The numbers are in: Blount has at least 373 homeless; survey also documents 15 are veterans
By Melanie Tucker | (email@example.com)
Volunteers like Maryville College student Chris Hickman and Blount County resident Kimberly Naujock-Hargrove took to the all-night laundromats, parking lots and greenway system here Thursday in search of our homeless population — working to put a number on that invisible population so permanent solutions can be found to house them.
They and many others in Blount County were participating in the annual Point-in-Time Count that’s required by the U.S. Department of Housing and Urban Development. HUD takes those homeless numbers and uses them to disperse federal funds to communities in search of help to solve the problem.
At the end of the day, Blount County had its number: 373.
That number of homeless people includes 165 males and 175 females. It includes nine individuals who were under 18 and eight who are ages 18-24. It also includes 15 veterans. Of that 373, 47 were counted as having a mental illness and 39 had substance abuse issues.
The numbers HUD pays close attention to are the sheltered and unsheltered populations. On Thursday, there were 90 homeless people fortunate enough to be housed in shelters like Family Promise or Heaven Sent Home. Also included in that number were the people who were staying in a hotel whose bill was paid by someone else, like a church.
The number of unsheltered, counted in that 24-hour period dictated by HUD, was 73. That reflects the people sleeping in their cars, in parks, under bridges or abandoned buildings — places not meant for human habitation.
Hickman, a junior at MC, was on a team that went out to 24-hour laundromats across the county. He said they were able to document at least four homeless people using them as overnight shelter from talking to one laundromat manager. Hickman’s team also scoured parking lots and came across three individuals sleeping in their cars.
This was Hickman’s first time counting the homeless. He was taking a January Term class at MC called Action to Advocacy and instructor Preston Fields volunteered the students for the assignment.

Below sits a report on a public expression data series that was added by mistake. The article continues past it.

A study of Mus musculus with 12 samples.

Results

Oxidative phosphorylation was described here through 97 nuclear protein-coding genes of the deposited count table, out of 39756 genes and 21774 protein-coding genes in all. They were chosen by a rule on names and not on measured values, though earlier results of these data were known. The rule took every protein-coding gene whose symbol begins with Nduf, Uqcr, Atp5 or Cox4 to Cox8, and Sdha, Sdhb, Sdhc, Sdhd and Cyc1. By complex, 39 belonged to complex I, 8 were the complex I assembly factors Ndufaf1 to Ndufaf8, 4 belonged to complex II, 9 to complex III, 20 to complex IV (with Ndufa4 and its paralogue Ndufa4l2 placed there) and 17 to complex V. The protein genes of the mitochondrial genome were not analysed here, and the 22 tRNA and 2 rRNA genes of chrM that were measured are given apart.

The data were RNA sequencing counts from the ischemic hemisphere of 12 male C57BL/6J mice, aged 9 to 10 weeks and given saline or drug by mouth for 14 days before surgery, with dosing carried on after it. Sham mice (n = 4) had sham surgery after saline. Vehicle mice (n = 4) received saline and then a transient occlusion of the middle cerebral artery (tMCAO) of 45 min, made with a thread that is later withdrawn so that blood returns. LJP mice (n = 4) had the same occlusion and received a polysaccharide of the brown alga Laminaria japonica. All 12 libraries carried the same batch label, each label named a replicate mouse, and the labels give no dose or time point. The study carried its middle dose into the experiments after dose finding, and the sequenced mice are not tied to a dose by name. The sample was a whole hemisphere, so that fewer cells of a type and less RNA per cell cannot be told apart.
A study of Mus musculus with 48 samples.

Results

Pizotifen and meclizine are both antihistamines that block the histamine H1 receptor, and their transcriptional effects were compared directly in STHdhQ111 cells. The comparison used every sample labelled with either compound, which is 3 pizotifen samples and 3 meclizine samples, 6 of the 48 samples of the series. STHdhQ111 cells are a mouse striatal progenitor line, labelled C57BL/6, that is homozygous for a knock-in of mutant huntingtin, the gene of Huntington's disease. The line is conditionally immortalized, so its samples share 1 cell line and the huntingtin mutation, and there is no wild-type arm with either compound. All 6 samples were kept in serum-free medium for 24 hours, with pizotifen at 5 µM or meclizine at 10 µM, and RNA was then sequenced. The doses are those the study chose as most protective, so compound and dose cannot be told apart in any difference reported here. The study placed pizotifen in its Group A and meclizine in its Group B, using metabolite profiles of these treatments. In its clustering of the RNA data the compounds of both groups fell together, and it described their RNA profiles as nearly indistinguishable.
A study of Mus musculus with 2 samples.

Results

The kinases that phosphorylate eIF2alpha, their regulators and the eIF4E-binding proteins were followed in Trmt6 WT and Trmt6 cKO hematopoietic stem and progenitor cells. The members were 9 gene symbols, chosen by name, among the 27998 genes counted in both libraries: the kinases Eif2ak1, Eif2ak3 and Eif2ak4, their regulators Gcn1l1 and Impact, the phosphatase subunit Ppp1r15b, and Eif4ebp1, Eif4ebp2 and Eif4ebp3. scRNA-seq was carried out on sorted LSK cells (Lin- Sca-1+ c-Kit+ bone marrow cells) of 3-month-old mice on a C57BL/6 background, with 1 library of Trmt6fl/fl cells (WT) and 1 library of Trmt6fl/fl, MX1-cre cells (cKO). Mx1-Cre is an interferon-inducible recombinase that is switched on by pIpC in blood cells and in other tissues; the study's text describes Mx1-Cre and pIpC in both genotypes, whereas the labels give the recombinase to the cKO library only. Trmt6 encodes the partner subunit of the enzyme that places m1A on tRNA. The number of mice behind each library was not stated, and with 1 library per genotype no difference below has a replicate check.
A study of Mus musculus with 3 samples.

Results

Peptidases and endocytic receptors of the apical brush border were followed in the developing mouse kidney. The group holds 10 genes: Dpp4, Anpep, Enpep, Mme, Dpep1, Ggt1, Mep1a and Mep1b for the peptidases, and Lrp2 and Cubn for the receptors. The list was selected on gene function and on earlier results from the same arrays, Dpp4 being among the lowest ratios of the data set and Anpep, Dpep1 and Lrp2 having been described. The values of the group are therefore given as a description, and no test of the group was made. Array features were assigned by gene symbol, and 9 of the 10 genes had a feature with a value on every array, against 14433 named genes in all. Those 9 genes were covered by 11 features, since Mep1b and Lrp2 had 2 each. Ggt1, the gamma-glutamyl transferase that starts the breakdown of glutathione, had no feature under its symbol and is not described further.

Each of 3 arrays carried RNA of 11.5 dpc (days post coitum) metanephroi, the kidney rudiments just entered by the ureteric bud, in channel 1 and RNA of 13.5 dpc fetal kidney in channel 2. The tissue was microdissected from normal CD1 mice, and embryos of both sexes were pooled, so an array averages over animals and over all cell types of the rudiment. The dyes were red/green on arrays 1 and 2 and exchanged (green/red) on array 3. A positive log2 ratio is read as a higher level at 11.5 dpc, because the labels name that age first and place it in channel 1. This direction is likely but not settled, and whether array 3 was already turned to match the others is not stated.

“We just wanted to do the most accurate count possible,” Hickman said. “I came away with a new understanding of the homeless situation. Anyone can really run into hard times and be without a place to stay and it’s not all their fault.”
A hard task
Naujock-Hargrove was out on Thursday checking public parks and boat docks. She said she didn’t come upon any homeless people. She was equipped with packets of personal care products, sleeping mats and even extra coats should anyone be located.
“In one way we were glad not to have come across anyone,” Naujock-Hargrove said. That hopefully meant there were warmer places to be. “On the other hand, we are sorry if we missed someone because we missed a chance to help them.”
Wendy Wand, of United Way of Blount County, spearheaded this PIT count. She had these teams arrive at the United Way at 4:30 a.m. to begin their search of a population that is hard to find, especially when you have 24 hours to find them all.
There were also volunteers at the United Way office to take calls from people who were letting others stay with them because they had no place of their own. They were counted as part of our precariously housed population. That number was put at 210.
Wand said the volunteers this year took a more proactive approach in calling churches and schools. When the phones weren’t ringing on their end, the volunteers made their own calls to collect as much data as they could.
Fields said lessons were learned from 2012 that were put into practice during the PIT on Thursday. There weren’t as many people calling in this year to report they are temporarily housing the homeless. Next year there might be some billboards available to advertise the upcoming count, Fields said.
Needing help now
There were even ways Wand and the others could give immediate help. They found out about a woman who opens her home to the homeless who needed a washer and dryer. Calls were made and she now has them. A man had requested some firewood for warmth. He was helped as well.
Because of the PIT numbers last year, grants were received here to help our homeless veteran population, Wand said. There were 15 veterans counted Thursday. They were to meet with a representative from the Tennessee Valley Coalition to End Homelessness to get immediate help.
It is still surprising to some that Blount County has at least 373 homeless people. The total last year was 390.
Wand said there is one other shocker. “There are 181 chronically homeless people living in Blount County,” she explained. Those are people who have been homeless for a year or more or who have been homeless at least four times in the last three years. A cycle that’s often hard to break.
Now that the count is over, what’s the next step?
Wand said the TVCEH will be reporting the numbers to HUD to hopefully get money for programs that will help the homeless. United Way of Blount County will also be looking at the data to see what it needs to do in our community.
“As we get better at the count and understand the need, we can work toward a solution,” Wand said. “We have services for families and a good domestic violence program but not anything for single men or young people. It will be nice to start working toward solving that.”